Economically hard pressed people say fencing is devouring their cattle, mainstay of their livelihood
Purna Tulail (near LoC): Ghulam Rasool Wani, 70, curses and abuses his dead father Juma Wani who had migrated to this village, fenced on all sides by army, from Gilgit. Rasool has not forgiven his father’s decision to migrate to this place. The bitterness is unbecoming of a son for his dead father. “He has put me and my children into this hell. May God avenge him there,” Rasool says in chaste Kashmiri pointing towards the sky. The Dards apart from their mother tongue Shena also speak Kashmiri fluently.
The villagers call him Rasool Chacha (uncle). They feel the death of one of his goats was the cause of his anger. Rasool’s goat died when, while grazing, she got stumbled into multilayered fencing erected by army around the village. Rasool wonders how his father settled in the area where there are no basic facilities and if someone falls ill, the only thing his family could do about him was to pray for his peaceful death.
Army fencing has annoyed everyone. Rasool is labourer and has four children. But unlike in other parts of Kashmir, labourers here are not well paid. They are being given Rs 65 a day. Domestication of animals is the mainstay of livelihood. And the fencing is posing a threat to cattle.
Everyone here insist that they are not against the border fencing but they argue fencing should have been erected “on borders not on our lands.”
“There are nearly five villages that belong to Kashmir which fall outside the fenced area; beyond those five villages is the LoC. But they have erected the fencing here, in our village,” said a government employee who didn’t want to disclose his name.
The Purna Tulail people are not the only suffers. The situation is same for everyone in Gurez valley where people feel fencing in villages has created more problem than solving any.
From Kazlwan, which is some 15 kms from Tehsil headquarter Dawar, fencing has been erected along the river Neelam (Kishan Ganga). And in Dawar situation is not different. The fencing has been erected across the river, and with it a vast area where the people gathered Cumin, has been made literally inaccessible.
“We objected to fencing when it was erected it in our lands. We even protested but then who cares. They went ahead and we are really suffering,” said a revenue department employee. He said thousands of cattle’s have died due to fencing. “The cattle die terrible death once they trip up the fencing. They are badly wounded by the razor and then there is no cure for them,” he said.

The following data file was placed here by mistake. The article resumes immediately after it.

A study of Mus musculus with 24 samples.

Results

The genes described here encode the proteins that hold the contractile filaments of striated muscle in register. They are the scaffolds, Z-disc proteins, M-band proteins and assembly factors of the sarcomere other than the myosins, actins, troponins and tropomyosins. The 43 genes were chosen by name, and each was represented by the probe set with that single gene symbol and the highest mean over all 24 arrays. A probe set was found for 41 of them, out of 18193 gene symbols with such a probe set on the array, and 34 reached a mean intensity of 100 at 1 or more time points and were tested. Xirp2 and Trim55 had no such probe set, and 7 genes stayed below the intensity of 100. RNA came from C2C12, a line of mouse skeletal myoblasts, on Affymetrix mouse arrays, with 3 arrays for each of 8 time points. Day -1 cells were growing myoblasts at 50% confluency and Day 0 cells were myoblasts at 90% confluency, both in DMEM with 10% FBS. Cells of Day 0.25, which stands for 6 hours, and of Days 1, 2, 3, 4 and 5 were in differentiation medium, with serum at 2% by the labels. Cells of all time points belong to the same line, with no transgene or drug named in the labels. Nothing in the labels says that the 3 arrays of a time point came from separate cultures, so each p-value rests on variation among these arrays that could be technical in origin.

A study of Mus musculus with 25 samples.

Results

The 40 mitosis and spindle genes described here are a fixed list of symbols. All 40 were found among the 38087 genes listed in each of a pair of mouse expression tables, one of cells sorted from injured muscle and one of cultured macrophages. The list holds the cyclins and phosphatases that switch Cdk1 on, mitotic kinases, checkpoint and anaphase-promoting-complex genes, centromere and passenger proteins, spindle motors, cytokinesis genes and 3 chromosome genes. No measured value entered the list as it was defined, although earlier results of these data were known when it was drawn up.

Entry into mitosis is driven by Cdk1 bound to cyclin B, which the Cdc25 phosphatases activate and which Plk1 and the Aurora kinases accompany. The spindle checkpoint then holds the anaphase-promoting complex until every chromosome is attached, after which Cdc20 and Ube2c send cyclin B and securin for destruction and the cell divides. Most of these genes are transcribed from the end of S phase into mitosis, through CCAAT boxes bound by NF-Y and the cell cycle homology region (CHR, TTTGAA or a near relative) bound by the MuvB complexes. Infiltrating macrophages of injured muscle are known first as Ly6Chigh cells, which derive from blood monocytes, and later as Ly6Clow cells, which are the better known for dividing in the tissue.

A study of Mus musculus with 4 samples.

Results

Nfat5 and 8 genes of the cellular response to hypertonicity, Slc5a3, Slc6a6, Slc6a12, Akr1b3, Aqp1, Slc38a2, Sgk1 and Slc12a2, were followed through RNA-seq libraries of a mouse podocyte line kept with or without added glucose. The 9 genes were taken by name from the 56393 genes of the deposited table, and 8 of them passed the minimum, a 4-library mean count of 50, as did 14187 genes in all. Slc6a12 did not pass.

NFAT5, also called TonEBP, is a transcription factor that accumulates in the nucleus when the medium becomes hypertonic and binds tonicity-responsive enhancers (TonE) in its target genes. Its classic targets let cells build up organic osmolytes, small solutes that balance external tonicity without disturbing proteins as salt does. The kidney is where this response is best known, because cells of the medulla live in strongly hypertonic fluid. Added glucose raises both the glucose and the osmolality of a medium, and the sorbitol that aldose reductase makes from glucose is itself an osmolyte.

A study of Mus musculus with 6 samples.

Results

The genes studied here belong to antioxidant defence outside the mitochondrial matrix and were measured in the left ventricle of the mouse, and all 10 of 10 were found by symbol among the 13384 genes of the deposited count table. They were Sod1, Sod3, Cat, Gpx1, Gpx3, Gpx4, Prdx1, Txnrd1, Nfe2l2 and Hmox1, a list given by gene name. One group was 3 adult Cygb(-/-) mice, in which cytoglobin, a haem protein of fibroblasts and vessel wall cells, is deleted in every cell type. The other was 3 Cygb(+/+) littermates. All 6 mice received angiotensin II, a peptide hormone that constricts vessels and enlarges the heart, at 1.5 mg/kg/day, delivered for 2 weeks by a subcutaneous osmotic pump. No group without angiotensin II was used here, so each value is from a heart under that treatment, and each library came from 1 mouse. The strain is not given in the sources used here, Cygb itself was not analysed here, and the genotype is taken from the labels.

“I wonder what the status of these villages is. These are our villages and we have put a fence in between. And if call this border fencing then Pakistan can claim these areas,” says a teacher.
However a senior official of the Tourism Department who was on visit to area in connection with Gurez festival instead had other views on the issue. Pointing towards sandalwood trees across the fencing he said the fencing has saved the trees from the axe of smugglers. He thanked army.
Fencing is omnipresent in villages and on the road from Dawar to PTL. From Dawar to PTL it is a one hour car journey. The village Kashpat is on the roadside but it is fenced and to enter villages named SK, Refugee 1, Refguee 2, Bozgai, close to the LoC, the villagers have to enter from the fencing gate at Kaspat. Both sides of the road from Kaspat to Burnai are fenced. And to enter Burani, one has to cross fencing gate.
The residents say that the fencing has been erected on their property land and it has partitioned their land and villages. “This is border within the border,” says Abdul Aziz a political leader of Samajwadi party in Dawar.
“This fencing is nothing but a farce. It has brought untold miseries on us,” he said. Aziz says it has become difficult for them to go for fishing in the Neelam, famous for its trout. During heavy rains the slides push the fencing into the river making angling difficult. The remnants of the uprooted fencing could be seen in the river at many spots.
However at PTL Chacha Rasool is not worried about angling. He is still lamenting death of his goat. “Can government give us some compensation for it,” asks Rasool. The compensation is what everyone here demands and wants. But it seems government has no plans. “The government had earlier promised but so far nothing has materialized,” said an official of the Revenue Department in Dawar.